Nearly 2600 years ago, one of the greatest of spiritual Teachers to have changed the course of human evolution took birth in Lumbini. We know him as Buddha, the enlightened one. The holy land the divine soul chose to take the last of his re-births before being free forever of the endless cycles of birth, death and re-birth is known to the world today as Lumbini, thanks to the efforts of many who kept the memory of the holy birth alive across the many eons starting from Emperor Ashoka’s commemorating the sacred land with building of stupa to UNESCO’s declaration of the site as a world heritage site.
‘Lumbini’ in the native language translates to ‘the lovely’. This lovely stretch of land houses not one but many archeological relics belonging to different points in human history. What, though, forms the heart of the entire stretch is Maya Devi Temple. The temple is believed to have been built over the very spot at which Maya Devi, Queen of Kapilavastu, gave birth to Siddhartha Gautama. A 14th century sandstone carving depicting the momentous birth forms the kernel of the sacred shrine. It depicts Maya Devi holding the branch of a ‘Sal’ tree as baby Buddha is being born, with gods in the sky gazing at the auspicious moment. A stone encased inside glass located under the illustrative representation allegedly pinpoints the precise point in space where the greatest of enlightened masters took his birth at.
Legend of Buddha’s birth
Maya Devi is believed to have undergone a very painless and natural childbirth. In fact, the fully pregnant queen was on her way to her parents’ home from her kingdom of Kapilvastu when she chose to take a short retreat at the scenic garden of Lumbini. She bathed in the waters of its central pond and had hardly taken twenty steps before she went into labour. Her holding the twig of a Sal tree while giving birth to the young prince is immortalized in the stone craving and many written inscriptions that survive to this day. It is said that they were looked upon and blessed by several divine beings at this sacred instant and that the infant took seven baby steps immediately after his entering this corporeal world. Lotus flowers are said to have bloomed wheresoever the tiny feet fell to the ground. The new born was given his first bath in the waters of the same sacred pond. The story takes a tragic turn with Maya Devi’s death seven days after the child-birth. The baby was subsequently taken care of by Mahaprajapati, Maya Devi’s sister.
Other attractions in Lumbini
The two millennia old temple forms the centre but not the only attraction Lumbini offers. The blessed pond in which Maya Devi and baby Siddhartha took bath is located adjacent to the temple. The sacred complex at Lumbini also houses a sandstone pillar erected by Mauryan Emperor Ashoka. The archeological remains of Maya Devi Temple range in age from third century BCE and twenty first century CE. Also, archeologists have excavated remnants of many Budhhists shrines and monasteries that existed between third century BCE and fifteenth century AD.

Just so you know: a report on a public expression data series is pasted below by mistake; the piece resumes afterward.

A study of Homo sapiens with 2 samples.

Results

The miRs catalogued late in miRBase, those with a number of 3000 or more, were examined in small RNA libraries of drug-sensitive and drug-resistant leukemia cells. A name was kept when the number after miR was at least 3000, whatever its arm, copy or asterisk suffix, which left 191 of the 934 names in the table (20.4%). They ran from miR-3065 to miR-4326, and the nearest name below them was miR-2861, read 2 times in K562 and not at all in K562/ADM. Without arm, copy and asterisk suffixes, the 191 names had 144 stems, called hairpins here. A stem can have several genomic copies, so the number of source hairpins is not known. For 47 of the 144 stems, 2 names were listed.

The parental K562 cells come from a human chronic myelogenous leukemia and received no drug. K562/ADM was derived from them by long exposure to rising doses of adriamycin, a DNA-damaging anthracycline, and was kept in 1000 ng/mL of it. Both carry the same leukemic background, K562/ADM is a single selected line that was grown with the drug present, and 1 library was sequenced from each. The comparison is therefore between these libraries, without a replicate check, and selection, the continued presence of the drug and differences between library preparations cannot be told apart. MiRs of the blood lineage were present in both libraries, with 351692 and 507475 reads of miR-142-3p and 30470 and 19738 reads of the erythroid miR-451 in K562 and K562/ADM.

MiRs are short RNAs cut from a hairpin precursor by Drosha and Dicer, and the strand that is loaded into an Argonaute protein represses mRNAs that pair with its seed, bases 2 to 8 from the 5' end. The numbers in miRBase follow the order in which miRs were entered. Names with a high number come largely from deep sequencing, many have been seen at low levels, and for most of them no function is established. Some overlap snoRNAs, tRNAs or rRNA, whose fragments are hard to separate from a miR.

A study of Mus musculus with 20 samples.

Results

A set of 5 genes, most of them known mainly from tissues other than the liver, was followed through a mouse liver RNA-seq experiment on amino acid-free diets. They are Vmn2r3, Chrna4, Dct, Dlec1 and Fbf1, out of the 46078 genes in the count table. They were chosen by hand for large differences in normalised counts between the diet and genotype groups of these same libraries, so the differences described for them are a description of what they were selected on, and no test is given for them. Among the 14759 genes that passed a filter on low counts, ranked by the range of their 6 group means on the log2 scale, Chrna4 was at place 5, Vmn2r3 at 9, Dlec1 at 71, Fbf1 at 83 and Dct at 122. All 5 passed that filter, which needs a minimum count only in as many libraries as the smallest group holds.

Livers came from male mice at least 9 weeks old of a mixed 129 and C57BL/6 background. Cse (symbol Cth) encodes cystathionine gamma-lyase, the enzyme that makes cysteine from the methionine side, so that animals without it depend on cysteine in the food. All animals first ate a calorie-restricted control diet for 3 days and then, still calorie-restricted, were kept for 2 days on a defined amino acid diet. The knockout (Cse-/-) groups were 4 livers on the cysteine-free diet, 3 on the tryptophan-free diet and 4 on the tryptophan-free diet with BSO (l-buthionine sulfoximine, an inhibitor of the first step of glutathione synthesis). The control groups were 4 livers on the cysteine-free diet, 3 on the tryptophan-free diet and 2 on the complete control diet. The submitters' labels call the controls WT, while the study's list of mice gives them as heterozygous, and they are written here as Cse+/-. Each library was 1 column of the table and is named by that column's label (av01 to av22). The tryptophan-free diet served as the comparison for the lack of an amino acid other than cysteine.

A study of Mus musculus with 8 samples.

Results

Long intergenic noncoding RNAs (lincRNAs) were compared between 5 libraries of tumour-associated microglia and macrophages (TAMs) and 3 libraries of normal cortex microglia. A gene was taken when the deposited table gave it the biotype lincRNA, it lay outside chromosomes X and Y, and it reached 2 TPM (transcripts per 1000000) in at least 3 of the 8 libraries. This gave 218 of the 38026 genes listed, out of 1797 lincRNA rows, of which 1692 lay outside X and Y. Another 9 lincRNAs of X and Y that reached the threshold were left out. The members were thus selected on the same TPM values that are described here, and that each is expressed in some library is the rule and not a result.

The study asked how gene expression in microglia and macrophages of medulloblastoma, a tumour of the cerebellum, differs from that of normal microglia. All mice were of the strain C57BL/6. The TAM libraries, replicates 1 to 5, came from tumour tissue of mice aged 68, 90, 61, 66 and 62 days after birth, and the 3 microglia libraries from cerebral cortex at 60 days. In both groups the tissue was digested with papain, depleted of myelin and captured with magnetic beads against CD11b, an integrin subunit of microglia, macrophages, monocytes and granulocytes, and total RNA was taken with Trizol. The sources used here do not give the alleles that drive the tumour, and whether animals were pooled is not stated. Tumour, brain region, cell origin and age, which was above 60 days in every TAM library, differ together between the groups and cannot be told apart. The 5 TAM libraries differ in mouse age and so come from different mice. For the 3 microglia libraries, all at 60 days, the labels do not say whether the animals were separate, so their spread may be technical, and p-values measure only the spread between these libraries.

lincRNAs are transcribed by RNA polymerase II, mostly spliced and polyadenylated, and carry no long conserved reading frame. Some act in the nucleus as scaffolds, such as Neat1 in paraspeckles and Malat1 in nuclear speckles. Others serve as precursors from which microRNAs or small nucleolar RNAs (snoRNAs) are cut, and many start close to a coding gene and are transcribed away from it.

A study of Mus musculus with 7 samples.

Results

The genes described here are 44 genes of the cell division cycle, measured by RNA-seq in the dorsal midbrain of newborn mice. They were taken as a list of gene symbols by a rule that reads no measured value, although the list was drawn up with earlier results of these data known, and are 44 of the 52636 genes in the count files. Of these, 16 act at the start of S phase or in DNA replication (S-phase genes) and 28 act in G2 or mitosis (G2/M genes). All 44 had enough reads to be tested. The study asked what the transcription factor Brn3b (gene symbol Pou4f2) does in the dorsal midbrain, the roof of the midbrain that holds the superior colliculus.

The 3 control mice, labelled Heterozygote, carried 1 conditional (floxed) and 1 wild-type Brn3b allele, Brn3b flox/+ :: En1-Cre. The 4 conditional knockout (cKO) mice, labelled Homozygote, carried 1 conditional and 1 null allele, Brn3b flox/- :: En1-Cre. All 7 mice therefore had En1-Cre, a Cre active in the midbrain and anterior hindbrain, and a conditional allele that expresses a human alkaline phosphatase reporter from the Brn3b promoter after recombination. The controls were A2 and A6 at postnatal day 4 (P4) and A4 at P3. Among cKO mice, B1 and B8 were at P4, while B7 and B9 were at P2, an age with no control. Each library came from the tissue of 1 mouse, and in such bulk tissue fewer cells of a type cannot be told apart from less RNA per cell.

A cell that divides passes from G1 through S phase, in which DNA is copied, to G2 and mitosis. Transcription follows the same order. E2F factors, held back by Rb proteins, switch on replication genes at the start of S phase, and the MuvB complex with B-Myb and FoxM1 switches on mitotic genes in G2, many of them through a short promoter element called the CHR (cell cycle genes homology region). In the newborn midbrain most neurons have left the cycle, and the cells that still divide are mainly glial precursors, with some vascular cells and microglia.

The garden surrounding the complex which contains the many historically significant relics like Ashoka’s pillar and the remains of Buddhist shrines over the many years is adorned by an enormous Bodhi tree. Myriad prayer flags tied to its branches flutter with every tiny whiff of wind.
A 41 m tall Japan Peace Stupa adorns the northern boundary of Lumbini gardens. While the Lumbini Museum protects artifacts, religious inscriptitions and other archeologically extracted items that have been obtained from the very premises of Lumbini. The beautiful structure of Golden Temple is another major tourist attraction in Lumbini.
The 4.8 km lengthy and 1.6 km wide stretch of land in Lumbini is surrounded in an enormous monastery-only zone. One cannot come across a single shop, restaurant, hotel or commercial building as far as eyes can see while at this sacred site. Lumbini attracts pilgrims and seekers from around the world. One would be greeted by sacred chanting as soon as one enters the premises of this holy site. Meditation practices and sacred chanting go on from dawn till dusk at Lumbini.
History of Lumbini
The world owes its debt to Emperor Ashoka for marking the sacred site of the origin of Lord Buddha by building a stupa and leaving behind an inscription citing the land as the place where baby Buddha was birthed by Maya Devi. It is to be noted that Buddha is estimated to have lived between 563/480 BCE- 483/400 BCE while King AShoka’s reign was between 268 BCE and 232 BCE. Lumbini finds itself mentioned in the travel writings of Chinese pilgrims Faxian(337-422 CE) and Huan Tsang(602-664 CE). The control of the area passed onto the hands of Hindu and Muslim rulers, which lead to the destruction of many of its structures and its being lost to the memory of the world. It was in 1895 that a German archeologist namely Alois Fuhrer rediscovered the site. Twentieth century witnessed many other archeological excavations leading to restoration of most of the temple garden complex of Lumbini.